Saturday, 3 January 2009
Playing AND Exploring -- Welcome shift in policy making
We always believed in it and sometimes had to fight hard for it: Playing and the need for exploring, creativity, challenge and adventure…and nature.
From our very first playground, Haggerston Park, we designed playspaces following these core beliefs. Now they are official…and being listened to! Increasingly clients request playgrounds, which follow the Play for England Guidance: Design for Play. This guidance emphasizes the need for children to play in natural environments, which provide a scope for discovery and re-interpretation. Play should be challenging and enriching.
We think this is an exciting and encouraging development, which will, aided by recently released funding streams, overhaul many British playgrounds in the very near future. Gone are the days of metal slapped on tarmac approach. Imaginative play, natural materials and more challenge is what is asked for.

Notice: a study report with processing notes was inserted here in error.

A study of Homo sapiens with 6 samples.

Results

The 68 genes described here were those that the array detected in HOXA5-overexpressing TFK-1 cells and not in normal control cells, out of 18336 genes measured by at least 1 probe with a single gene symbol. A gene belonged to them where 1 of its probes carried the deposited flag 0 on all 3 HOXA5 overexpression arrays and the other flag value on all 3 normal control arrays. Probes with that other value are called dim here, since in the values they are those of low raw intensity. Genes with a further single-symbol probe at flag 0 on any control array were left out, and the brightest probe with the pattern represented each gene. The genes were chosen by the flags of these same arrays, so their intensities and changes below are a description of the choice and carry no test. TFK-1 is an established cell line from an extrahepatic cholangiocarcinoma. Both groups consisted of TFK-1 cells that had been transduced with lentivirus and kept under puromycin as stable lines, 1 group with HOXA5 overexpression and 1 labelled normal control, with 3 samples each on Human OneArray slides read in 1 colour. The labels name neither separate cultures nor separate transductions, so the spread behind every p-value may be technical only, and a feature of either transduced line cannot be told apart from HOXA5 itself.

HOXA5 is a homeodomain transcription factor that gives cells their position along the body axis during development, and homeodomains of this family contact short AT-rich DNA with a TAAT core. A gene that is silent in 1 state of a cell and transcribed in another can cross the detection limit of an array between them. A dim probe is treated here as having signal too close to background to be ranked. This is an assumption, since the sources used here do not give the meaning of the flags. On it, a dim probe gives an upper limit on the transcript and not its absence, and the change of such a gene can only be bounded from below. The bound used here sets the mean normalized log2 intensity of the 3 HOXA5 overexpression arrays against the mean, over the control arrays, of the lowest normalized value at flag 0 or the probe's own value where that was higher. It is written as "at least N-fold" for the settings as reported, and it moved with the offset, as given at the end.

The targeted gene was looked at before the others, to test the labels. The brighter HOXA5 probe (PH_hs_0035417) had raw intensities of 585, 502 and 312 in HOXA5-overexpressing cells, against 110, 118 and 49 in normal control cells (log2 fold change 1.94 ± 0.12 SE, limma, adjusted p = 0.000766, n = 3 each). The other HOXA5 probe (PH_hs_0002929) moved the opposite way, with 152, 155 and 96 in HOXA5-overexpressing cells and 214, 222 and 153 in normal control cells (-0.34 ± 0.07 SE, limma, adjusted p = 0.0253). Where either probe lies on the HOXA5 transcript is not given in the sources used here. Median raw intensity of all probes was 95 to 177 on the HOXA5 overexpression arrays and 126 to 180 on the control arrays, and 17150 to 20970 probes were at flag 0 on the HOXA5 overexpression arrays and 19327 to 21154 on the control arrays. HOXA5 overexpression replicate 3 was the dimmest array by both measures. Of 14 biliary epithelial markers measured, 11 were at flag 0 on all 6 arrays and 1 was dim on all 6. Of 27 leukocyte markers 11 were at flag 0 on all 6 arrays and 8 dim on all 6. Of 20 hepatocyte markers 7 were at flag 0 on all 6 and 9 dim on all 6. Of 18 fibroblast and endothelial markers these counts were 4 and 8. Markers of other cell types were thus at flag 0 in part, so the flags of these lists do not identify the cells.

In a current project, the Cranston Estate project, we took these objectives to the people from the very outset. To introduce the children to natural materials we went with into the grounds of the adventure playground and collected existing natural materials with which the children made their own explorative model proposals for the new playground. The objectives were to introduce the children to natural materials as well as to architectural processes, enabling them to understand and express their own ideas for the new playground or elements thereof. When we presented our concept design to the community during an event, we lured the residents into the green fringes of the site. Adventure trails led past improvised dens to the site where first design proposals were exhibited and consultation took place. The arrangement asked the community to explore and understand the existing in order to envisage the new. Whilst we consulted with older children and adult residents, a den building workshop engaged the younger ones.